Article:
Johnnie Moore was only 14 when he first stayed in the dorms at Liberty University, and since then, he's pretty much remained at the school that Jerry Falwell founded 41 years ago in Lynchburg, Virginia. Moore and his single-mom family briefly lived in the dorms after his parents' divorce and a temporary stretch of homelessness; now 28, the Liberty grad spends much of his time at the school as a campus pastor, shepherding students in the faith and in missions.
When Moore's parents split—and when the pastor who urged them to stay together was later found guilty of adultery with another pastor's wife—Moore's faith was rocked. But today he says his doubts helped him work through some hard questions and ultimately claim his parents' beliefs as his own. He chronicles that story in Honestly: Really Living What We Say We Believe (Harvest House), which National Association of Evangelicals president Leith Anderson calls "first-century Christianity in 21st-century narrative."
In the book, Moore tackles issues of pharisaism—in the church, in politics, in everyday life. He's acutely aware of the irony of a hypocrite opining on the topic: "One reason I wrote it is because I was disappointed with my own hypocrisy. I'm the first to admit it. I'll probably be a hypocrite five times again before next week, or by the end of the day."
How did you end up as a campus pastor?
When I was a student at Liberty, I heard Jerry Falwell ask in a sermon: "What would you do if you knew you wouldn't fail?" It was a vision question. I told him after the service, "Dr. Falwell, I would try to reach the other [secular] colleges and students in Lynchburg with the gospel." We scheduled a meeting and talked about it, and a year later, while I was still an undergrad, he asked me to become a campus pastor.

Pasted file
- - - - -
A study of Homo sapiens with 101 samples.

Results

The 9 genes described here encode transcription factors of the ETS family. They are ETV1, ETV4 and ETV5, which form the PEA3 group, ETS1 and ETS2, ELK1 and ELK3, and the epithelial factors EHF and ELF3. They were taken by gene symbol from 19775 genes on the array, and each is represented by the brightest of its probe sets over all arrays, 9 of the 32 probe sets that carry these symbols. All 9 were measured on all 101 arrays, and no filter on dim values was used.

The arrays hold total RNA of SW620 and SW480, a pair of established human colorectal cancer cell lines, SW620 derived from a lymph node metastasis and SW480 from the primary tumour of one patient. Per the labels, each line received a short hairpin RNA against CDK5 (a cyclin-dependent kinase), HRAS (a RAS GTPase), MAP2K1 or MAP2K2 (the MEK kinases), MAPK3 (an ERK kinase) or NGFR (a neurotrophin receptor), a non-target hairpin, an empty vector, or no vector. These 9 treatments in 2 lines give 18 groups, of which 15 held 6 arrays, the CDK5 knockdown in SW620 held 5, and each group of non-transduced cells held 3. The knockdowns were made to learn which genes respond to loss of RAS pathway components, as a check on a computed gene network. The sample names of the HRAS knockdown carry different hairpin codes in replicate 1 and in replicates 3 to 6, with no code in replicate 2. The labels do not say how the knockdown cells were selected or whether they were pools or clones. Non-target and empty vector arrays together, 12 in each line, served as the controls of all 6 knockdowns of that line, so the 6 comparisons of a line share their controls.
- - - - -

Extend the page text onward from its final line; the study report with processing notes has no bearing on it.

What's the best part of that job?
Missions trips. I oversee our Center for Global Engagement, and we send students all over the world. At heart I'm a missionary, and I really think this is the first generation that can realistically complete the Great Commission. This year, we'll have students doing dental clinics in the Amazon, doing trauma counseling in Rwanda, working with war widows in Bosnia, and working in India and some closed countries.
Anything stand out on one of those trips?
In 2004, we were at a Bible school graduation in India, and I witnessed 2,400 graduates take a martyr's oath before receiving their diploma. They all stood up and said they were willing to be poor and even to die for Jesus, and then they were sent out as missionaries. That changed my life and sparked my love for missions.
Your book says doubt is a good thing. Why?
A lot of Christians grow up thinking doubt is a disease, but I believe it's a healthy phase in spiritual development, if it's dealt with wisely. Doubt forces us to own our faith. God doesn't have any grandchildren; you don't inherit Christianity from Mom or Dad. God only has sons and daughters. You've got to get it for yourself. Doubt forces us to figure out what we believe, not just what our family or church or culture believes.
Previous "Who's Next" sections featured Bethany Hoang, Bobby Gruenewald, Julie Bell, DeVon Franklin, Shannon Sedgwick Davis, Jon Tyson, Jonathan Golden, Paul Louis Metzger, Amena Brown, David Cunningham, Timothy Dalrymple, John Sowers, Alissa Wilkinson, Jamie Tworkowski, Bryan Jennings, L. L. Barkat, Robert Gelinas, Nicole Baker Fulgham, and Gideon Strauss.